Curse Words Vol. 1: The Devil’s Devil

Curse Words Vol. 1: The Devil’s Devil
Curse Words V1 The Devil's Devil review
  • North American Publisher / ISBN: Image Comics - 978-1-53430-221-1
  • Volume No.: 1
  • Release date: 2017
  • UPC: 9781534302211
  • Contains adult content?: no
  • Does this pass the Bechdel test?: no
  • Positive minority portrayal?: no
  • CATEGORIES: Fantasy, Humour

Wizord, to all intents a wizard by basic human standards, arrives on Earth with a mission of destruction, but after learning about Earth culture decides his mission can wait and announces himself as the planet’s protector. The very powerful folks back home aren’t very happy about that. Meanwhile, Wizord occupies himself with general do-gooding. This, however, comes at a price. In order to work magic Wizord needs sapphires, and the greater the magic, the more sapphires he needs, and while hardly scarce, there’s only a limited amount on Earth.

Charles Soule has developed an interesting premise and Ryan Browne comes up with a great modern day look based on the traditional wizard, but Curse Words never entirely clicks into place. Part of that is the problem of Wizord himself. When he first arrives on Earth he’s supposed to be all-powerful and malevolence personified, a person used to indulging his whims, taking what he wants and enslaving others, yet his initial actions bely that. Soule later offers a half-hearted explanation of humanity’s freedom attracting him, but that’s unconvincing. Other problems are Soule being unable to make up his mind if this is to be comedy or serious, because it’s not playing effectively as either, and that too much is predictable. Given the premise any amateur writer could come up with several plot directions, and that’s where Soule goes, but without ever bolstering them enough to ensure greater originality. What seems the most original element, Wizord being accompanied by a koala, has been copped from the 1970s/1980s comic E-Man.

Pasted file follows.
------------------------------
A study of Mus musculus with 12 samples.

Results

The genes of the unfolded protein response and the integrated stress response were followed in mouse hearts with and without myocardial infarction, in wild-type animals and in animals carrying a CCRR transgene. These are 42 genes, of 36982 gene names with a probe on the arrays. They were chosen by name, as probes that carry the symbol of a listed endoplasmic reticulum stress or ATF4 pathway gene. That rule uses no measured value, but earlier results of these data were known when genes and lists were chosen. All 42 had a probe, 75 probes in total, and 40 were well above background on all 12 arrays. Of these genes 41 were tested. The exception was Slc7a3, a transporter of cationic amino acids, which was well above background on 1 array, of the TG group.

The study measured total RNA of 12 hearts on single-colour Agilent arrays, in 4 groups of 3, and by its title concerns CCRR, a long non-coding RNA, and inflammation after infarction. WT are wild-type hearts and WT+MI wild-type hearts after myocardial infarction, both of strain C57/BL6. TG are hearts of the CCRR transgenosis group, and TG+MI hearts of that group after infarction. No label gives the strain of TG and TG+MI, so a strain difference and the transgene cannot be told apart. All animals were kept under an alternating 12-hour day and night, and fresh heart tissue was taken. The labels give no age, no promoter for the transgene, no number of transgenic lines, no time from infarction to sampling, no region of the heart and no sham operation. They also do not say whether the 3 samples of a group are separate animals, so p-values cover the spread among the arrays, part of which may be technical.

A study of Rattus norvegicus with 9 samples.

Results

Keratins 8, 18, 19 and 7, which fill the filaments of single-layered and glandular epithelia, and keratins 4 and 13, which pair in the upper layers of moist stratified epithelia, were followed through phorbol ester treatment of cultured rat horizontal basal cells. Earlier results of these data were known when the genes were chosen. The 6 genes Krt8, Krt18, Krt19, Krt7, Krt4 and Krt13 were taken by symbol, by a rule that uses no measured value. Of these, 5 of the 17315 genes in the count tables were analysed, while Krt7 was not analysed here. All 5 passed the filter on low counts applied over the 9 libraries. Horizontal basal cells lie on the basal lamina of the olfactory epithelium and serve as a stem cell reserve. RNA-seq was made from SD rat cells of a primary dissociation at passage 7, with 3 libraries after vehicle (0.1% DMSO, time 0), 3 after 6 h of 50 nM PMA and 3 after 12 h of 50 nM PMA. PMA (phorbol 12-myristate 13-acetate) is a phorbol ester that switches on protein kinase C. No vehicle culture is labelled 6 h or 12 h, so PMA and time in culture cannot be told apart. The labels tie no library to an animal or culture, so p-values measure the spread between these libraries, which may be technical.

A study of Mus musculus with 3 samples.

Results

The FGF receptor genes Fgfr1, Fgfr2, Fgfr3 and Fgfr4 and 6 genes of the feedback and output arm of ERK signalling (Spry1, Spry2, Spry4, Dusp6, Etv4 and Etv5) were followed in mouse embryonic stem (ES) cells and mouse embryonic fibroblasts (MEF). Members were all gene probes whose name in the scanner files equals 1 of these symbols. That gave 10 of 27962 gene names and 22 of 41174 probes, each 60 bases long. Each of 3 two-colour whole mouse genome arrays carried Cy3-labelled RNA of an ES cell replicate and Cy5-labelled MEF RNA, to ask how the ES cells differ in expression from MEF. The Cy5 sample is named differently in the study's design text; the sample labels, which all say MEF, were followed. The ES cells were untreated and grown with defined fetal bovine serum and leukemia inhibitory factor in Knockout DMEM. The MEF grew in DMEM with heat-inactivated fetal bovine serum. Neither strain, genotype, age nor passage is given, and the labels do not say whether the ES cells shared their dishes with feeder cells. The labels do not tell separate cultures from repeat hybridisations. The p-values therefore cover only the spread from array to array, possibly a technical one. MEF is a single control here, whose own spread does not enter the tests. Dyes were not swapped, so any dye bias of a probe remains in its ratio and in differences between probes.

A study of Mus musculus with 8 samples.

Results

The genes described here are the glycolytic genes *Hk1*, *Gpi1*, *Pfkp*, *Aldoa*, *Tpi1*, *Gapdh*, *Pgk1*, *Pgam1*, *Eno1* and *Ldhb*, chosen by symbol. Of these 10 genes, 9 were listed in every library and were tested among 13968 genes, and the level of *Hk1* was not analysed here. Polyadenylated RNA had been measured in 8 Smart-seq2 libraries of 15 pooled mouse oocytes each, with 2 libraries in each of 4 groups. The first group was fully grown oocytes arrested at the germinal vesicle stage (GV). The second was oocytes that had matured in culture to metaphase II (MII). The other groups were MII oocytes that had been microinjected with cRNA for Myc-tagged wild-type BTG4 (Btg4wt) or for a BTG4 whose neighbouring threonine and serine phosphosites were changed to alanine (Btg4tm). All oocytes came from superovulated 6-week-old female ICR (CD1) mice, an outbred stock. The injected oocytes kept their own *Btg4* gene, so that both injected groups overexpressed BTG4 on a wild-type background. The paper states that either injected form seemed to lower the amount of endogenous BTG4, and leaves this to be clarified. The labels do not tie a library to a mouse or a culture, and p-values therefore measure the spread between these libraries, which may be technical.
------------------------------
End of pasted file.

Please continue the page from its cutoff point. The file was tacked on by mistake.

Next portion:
Browne’s art is good enough, and tells the story, but given the material he has to play with nothing really sticks as being unusual, different or memorable until the almost Bosch-like scene on the final pages. That’s good.

It’s not that Curse Words is bad, though, it’s just average, with the occasional idea struggling through. A revelation about additional sources of magic originally prompts a groan, but Soule takes that to some nice places, and Margaret the koala has a good backstory. Perhaps matters will improve in Explosiontown.